Firefighter funeral traditions show our deep gratitude and respect for the honorable contribution they make to society. When a firefighter dies, he is considered a "fallen hero," and his funeral will indicate such an honor.
Firefighters Funeral Traditions and Protocol
The family is not left alone to plan the funeral when a firefighter dies. Most fire departments have advocates that assist the family for grief counseling and to help in making arrangements for the funeral. Often, the department has protocol they wish to be followed when one of their own dies. Families can plan the funeral around their own religious beliefs, while keeping in mind firefighter funeral traditions. The following questions may be asked of the family so the advocate can plan the funeral in accordance with what the family wants:
- Does the family want the deceased firefighter buried with full department honors?
- Does the family want a church funeral and where will it be?
- Who is their religious leader?
- What funeral home will they be using?
- Who does the family want as pallbearers?
- Will there be an open casket?
Firefighter funerals are often attended by other firefighters from all over the nation. A hotel should be chosen that can make accommodations for out of town guests.
The police department will be assisting with the firefighter's funeral procession. They arrange a traffic route for the funeral procession, lead the procession, and provide traffic control.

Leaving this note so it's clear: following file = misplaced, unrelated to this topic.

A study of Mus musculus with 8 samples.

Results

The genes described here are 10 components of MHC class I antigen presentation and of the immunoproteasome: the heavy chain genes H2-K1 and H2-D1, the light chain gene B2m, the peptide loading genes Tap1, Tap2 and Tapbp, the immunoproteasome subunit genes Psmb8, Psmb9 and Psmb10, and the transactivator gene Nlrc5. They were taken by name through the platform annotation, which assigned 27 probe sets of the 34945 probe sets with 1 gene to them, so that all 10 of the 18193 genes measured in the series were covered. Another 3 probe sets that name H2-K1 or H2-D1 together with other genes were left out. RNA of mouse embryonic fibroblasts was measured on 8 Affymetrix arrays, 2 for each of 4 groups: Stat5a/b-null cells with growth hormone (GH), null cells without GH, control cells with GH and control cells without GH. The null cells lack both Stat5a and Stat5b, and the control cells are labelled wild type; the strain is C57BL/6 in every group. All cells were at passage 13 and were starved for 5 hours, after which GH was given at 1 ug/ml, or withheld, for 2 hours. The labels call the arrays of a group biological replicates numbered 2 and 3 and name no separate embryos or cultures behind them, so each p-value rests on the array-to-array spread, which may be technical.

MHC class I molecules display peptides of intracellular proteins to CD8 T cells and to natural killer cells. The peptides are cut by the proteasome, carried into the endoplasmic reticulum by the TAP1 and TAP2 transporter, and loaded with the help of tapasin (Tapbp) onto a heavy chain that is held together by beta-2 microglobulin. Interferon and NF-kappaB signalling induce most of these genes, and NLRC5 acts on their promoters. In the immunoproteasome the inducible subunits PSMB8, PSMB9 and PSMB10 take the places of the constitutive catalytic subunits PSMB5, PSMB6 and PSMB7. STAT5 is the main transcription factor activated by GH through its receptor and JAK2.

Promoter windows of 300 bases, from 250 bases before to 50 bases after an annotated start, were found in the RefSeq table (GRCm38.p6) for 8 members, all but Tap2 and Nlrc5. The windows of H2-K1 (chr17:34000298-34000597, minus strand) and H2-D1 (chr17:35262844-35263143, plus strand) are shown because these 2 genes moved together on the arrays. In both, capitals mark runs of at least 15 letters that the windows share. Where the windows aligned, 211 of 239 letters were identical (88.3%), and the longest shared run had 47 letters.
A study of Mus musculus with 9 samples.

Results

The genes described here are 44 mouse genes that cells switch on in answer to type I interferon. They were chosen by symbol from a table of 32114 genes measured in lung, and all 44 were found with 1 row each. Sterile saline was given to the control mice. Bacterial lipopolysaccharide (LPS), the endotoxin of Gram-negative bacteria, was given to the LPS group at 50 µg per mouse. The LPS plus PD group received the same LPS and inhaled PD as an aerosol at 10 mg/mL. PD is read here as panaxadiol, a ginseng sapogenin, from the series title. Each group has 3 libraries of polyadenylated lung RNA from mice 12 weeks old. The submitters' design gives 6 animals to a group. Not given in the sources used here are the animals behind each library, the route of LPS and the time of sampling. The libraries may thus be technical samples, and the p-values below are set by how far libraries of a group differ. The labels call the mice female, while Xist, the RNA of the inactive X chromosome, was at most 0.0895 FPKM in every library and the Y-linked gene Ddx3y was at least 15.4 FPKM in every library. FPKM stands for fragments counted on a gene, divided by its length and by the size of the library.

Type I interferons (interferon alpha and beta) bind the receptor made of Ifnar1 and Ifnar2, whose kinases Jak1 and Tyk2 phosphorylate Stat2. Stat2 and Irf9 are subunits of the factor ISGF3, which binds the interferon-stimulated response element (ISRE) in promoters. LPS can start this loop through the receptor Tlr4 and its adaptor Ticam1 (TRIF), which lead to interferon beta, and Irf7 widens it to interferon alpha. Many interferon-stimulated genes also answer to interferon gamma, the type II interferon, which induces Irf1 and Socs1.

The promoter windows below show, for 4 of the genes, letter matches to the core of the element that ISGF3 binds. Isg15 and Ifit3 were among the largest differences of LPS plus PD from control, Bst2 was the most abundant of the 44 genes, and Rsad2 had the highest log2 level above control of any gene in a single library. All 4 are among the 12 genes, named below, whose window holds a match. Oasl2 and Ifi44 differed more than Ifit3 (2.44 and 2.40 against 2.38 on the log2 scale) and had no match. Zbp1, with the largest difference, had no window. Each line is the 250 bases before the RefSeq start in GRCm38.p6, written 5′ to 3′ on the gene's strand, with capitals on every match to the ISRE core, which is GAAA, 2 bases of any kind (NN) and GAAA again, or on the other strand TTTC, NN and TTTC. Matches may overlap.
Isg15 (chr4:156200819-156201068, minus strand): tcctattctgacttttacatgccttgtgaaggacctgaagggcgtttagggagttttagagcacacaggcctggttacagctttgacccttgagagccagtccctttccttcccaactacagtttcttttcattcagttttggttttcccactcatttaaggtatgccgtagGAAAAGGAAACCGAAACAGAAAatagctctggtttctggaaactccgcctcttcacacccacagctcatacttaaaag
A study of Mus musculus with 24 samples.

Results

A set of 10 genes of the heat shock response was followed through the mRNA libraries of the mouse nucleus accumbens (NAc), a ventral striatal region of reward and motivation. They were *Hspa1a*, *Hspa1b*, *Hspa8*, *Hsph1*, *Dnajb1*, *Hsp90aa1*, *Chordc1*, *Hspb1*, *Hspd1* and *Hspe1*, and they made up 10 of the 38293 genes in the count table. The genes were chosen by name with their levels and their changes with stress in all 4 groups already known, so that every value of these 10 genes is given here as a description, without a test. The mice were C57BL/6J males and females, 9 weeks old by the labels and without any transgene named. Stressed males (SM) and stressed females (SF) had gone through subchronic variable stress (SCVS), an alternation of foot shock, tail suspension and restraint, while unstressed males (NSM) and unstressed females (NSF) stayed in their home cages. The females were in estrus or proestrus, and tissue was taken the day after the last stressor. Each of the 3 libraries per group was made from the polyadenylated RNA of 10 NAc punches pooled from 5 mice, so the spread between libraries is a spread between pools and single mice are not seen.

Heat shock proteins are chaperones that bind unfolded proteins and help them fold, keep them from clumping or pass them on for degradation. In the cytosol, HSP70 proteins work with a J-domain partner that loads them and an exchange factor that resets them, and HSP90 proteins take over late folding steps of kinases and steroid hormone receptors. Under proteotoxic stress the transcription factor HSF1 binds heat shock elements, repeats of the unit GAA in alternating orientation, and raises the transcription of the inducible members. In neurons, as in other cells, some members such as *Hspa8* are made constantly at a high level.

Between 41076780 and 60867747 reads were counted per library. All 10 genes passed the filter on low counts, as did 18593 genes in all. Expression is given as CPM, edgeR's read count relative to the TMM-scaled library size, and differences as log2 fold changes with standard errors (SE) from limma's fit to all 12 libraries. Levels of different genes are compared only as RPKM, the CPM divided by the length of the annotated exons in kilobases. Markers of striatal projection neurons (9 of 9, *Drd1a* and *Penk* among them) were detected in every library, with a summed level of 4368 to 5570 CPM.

One of the most recognized firefighter funeral traditions are bagpipes playing "Amazing Grace" or another religious song at the funeral. The tradition of having bagpipes at firefighter's funerals goes back to the 1800s when Irish and Scottish immigrants were usually forced to take the difficult and dangerous jobs that nobody else wanted, which at that time happened to be fighting fires. Those Irish and Scottish firefighters funerals had the typical bagpipes playing and the tradition has held since.
Helmet on the Altar
The firefighters helmet is placed upon his casket or altar during the funeral service.
The honor guard is chosen from fellow firefighters or police officers to stand guard at the entrance to the funeral. They will all be formally dressed in their dress blues. The honor guard posts the colors during the service and acts as pallbearers to carry the casket. At the end of the funeral service, the honor guard, along with as many police and firefighters as possible, may line up in two rows and allow the family to pass through the center as a show of respect.
The casket will be draped with the flag from the firehouse he served in. At the end of the ceremony, the color guard will ceremoniously fold the flag and pass it to the next of kin to keep.
Tolling of the Bell
During each firefighter funeral, there is the ceremony of the "Tolling of the Bell," where bells gong in a succinct and traditional pattern. The bell ceremony is reminiscent of the original firehouse bells that tolled when there was a fire. The actual ceremony is based upon the pattern of the original method of communicating that a firefighter had fallen, which is the telegraph. The telegrapher would tap out the word "fell" with five measured dashes, a pause and then repeated two more times.
Fire Rig Leads the Funeral Procession
At every firefighter's funeral you will see several or more fire rigs in attendance. The deceased's own fire rig will lead the funeral procession to the cemetery.
Firefighter Funeral Protocols
It is a sad occasion when a firefighter falls during his line of duty. Firefighter funeral traditions help us show proper respect and gratitude.